The Night Sky in March 2017

The spring constellations of Leo, Hydra and Bootes are now high in the sky and visible all night whilst the galaxies of the Virgo cluster become prime objects for study. The giant planet Jupiter begins to dominate the night.

Moon in March:

New: 28th March

First quarter: 5th March

Full: 12th March

Last Quarter: 20th March

Planets in March:

Mercury: is at superior conjunction with the Sun on the 7th March and is not well placed for most of this month but it joins Mars and the crescent Moon in the west on the 29th.

Venus: begins to fade and draw in toward the Sun as it reaches inferior conjunction on 25th March. Early in the month is the best time to view its slim crescent.

Mars: Crosses into Aries by mid month and shines at magnitude 1.5. It sets by 9.30 and is still a tiny disc with no visible features in modest scopes.

Jupiter: Is a bright object in the constellation of Virgo, lying close to the first magnitude star Spica. Shining at magnitude -2.4, it rises by 9:50pm mid month and then dominates the sky for the rest of the night.

Saturn: Is in Sagittarius and is visible in the early morning, rising at 3:00am as a bright yellow star-like object shining at magnitude 0.5 low in the south east.

Uranus: Is in Pisces, and has a faint 6th magnitude disk that is shrinking as it comes into conjunction with the sun. The planet has set by 9:00pm mid month.

 Neptune: The furthest planet from the Sun remains in Aquarius and is not visible this month as it attains conjunction on the 2nd of the month.

Meteor showers in March.

There are no major showers this month.

 Interesting Events in March

The waxing crescent Moon is just to the south of Mars on the evening of the 1st March which may make a good photographic opportunity.

The dwarf planet Ceres, lately a target for the Dawn mission, enters the constellation of Aries on the 3rd March and shines at magnitude 8.5.

Two potentially interesting comets will grace northern skies in March. The first one, Comet 41P/Tuttle-Giacobini-Kresak will brighten to a potential magnitude of 5 in the latter part of the monthand will be sweeping through Draco and Hercules. Finder charts can be obtained at:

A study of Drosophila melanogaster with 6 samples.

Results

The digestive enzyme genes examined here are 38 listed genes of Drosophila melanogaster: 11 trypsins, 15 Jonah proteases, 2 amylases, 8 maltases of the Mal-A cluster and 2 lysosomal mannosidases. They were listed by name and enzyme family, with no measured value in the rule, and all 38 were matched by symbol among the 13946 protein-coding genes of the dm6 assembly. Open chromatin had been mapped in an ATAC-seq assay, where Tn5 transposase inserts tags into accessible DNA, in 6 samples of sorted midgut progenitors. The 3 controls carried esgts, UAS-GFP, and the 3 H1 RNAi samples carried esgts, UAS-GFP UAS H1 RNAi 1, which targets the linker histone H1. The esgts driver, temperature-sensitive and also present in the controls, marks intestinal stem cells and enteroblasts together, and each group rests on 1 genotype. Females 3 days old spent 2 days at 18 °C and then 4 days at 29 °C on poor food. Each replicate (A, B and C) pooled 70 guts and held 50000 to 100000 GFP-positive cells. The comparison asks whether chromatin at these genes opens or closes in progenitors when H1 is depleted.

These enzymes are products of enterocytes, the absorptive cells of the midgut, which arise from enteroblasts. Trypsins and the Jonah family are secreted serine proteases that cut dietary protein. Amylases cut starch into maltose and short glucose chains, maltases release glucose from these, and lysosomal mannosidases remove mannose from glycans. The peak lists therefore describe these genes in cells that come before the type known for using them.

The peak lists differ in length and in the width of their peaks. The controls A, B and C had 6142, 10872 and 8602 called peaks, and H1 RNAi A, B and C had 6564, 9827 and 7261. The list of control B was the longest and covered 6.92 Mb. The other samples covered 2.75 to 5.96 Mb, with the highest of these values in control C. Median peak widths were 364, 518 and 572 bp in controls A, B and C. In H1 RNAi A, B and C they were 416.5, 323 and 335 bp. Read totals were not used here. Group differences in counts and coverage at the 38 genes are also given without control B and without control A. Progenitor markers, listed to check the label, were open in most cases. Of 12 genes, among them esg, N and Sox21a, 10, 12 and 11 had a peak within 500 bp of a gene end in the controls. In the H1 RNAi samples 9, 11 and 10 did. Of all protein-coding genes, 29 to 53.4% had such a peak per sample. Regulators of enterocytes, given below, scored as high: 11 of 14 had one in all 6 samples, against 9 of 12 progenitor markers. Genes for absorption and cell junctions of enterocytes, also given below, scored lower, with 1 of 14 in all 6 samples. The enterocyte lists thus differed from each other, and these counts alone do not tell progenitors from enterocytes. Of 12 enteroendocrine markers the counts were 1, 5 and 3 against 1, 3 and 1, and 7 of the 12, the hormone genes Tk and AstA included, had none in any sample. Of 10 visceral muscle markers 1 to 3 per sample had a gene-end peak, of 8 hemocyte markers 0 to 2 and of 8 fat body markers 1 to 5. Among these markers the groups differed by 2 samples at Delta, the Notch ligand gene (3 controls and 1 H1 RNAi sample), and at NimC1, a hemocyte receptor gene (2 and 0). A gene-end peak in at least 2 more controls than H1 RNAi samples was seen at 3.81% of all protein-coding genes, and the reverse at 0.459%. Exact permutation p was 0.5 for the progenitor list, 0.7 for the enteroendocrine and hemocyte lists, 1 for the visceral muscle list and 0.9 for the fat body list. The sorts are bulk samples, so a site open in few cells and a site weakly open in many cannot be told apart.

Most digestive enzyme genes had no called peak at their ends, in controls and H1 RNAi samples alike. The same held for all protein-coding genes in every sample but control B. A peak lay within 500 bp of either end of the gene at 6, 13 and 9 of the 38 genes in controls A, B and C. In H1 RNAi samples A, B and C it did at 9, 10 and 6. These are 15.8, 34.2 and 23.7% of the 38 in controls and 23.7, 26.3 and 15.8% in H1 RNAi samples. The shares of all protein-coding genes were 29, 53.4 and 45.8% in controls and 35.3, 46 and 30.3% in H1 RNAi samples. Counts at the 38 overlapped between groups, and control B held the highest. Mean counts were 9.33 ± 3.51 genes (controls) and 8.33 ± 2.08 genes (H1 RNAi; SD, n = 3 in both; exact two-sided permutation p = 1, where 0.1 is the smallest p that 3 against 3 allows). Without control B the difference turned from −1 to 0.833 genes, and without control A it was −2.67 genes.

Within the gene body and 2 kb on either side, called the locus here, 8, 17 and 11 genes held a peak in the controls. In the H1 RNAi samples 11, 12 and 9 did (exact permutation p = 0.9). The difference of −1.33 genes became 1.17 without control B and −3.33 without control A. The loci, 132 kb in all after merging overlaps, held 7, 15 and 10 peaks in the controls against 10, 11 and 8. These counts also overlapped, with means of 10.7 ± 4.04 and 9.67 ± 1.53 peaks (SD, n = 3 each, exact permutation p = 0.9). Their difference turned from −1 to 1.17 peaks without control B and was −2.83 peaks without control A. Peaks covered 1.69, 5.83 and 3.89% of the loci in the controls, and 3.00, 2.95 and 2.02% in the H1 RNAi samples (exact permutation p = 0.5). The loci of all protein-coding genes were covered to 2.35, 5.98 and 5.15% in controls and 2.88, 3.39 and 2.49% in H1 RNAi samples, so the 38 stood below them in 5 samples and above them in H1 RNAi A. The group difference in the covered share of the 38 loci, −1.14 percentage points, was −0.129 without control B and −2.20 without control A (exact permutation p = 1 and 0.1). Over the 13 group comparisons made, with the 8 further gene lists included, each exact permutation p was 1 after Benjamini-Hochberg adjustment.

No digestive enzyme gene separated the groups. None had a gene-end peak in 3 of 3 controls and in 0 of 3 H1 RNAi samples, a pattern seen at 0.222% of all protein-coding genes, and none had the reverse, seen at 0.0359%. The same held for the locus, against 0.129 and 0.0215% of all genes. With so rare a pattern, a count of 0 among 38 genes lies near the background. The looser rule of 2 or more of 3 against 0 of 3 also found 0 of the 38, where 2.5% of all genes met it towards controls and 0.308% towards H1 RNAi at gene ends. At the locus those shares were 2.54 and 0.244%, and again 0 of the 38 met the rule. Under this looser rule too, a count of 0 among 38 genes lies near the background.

The second comet is not too far away in the northern sky from Comet 41P. Comet C/2015 V2 Johnson may reach 7th magnitude by the end of March as it comes to Perihelion. Finder charts and information can be found at:

Constellation of the Month: Hydra

Hydra is the longest and most sinuous constellation in the whole sky. In fact so long is it that its head is visible in winter, and its tail disappears mid-way through summer! Despite its length, Hydra is a constellation of faint stars, none of which rise to more than second magnitude. However, the head of Hydra is very distinctive, and once found, becomes the gateway to tracing out the rest of the constellation. Hydra lies under the constellations of Leo, Corvus, Crater and Virgo, but despite its association with such rich constellations, it does not have many deep sky objects of interest to the casual observer. In mythology, the Hydra is a snake associated in Babylonian records with waters and fountains and is the sign of the goddess Tiamat. In Greek mythology, Hercules killed this legendary monster as one of his 12 labours.

One of the finest deep sky wonders in Hydra is the star cluster M 48 which is a large irregular cluster of 50 or so stars in a fairly rich field close to the Milky Way, and lies adjacent to the constellation’s border with Monoceros. M 48 shines at magnitude 5.5; its stars are mostly A type giants which have a visual magnitude of 9th to 13th mag. The cluster lies 1500 light years away, and is famous in the Messier catalogue for its spurious position. The cluster in fact lies over 5 degrees away from the position Messier indicated. A beautiful sight in a small telescope or binoculars, and may even be visible to the naked eye on a night of exceptional “seeing”.


The next deep sky object deserving of attention is probably one of the most beautiful planetary nebulae in the night sky. This is NGC 3242 at RA 10h 24m 48s Dec -18°38m, an eighth magnitude disc of light that resembles the disc of a planet more than any other planetary in the sky. This object has on occasion been called the “Ghost of Jupiter” due to its uncanny resemblance. It lies over 2000 light years away, and is a marvellous sight in a small telescope, on high powers its lovely blue disc fills the field, and subtle shading indicates the presence of gaseous shells. This planetary can even be seen in binoculars on a good night, as a tiny star like disc.

The real showpiece of Hydra sadly, is not seen very well from Britain. This is the barred spiral galaxy M 83, which shines at eighth magnitude, but due to its southerly declination is extremely faint from these latitudes. It can be seen as an elongated blur of bluish light in a telescope, but binoculars may well provide a better view. M83 is relatively close by, only 10 million light years away, and may be an outlying member of our local group.

There are two globular clusters visible in Hydra, both rather unremarkable objects due to their southern aspect. One is M 68, a bright globular which shows little detail in a small telescope, but can be discerned as a 7th magnitude smudge of white light above the tail of Hydra. The other object is NGC 5694, which at magnitude 11 is beyond the grasp of most amateur instruments. It is another globular of fame, being very distant, and practically outside the confines of our galactic halo, on a par with NGC 2419 in Lynx. Hydra contains many double stars of note, but recourse to an album such as the Webb Deep Sky Society’s Binary Star handbook is recommended.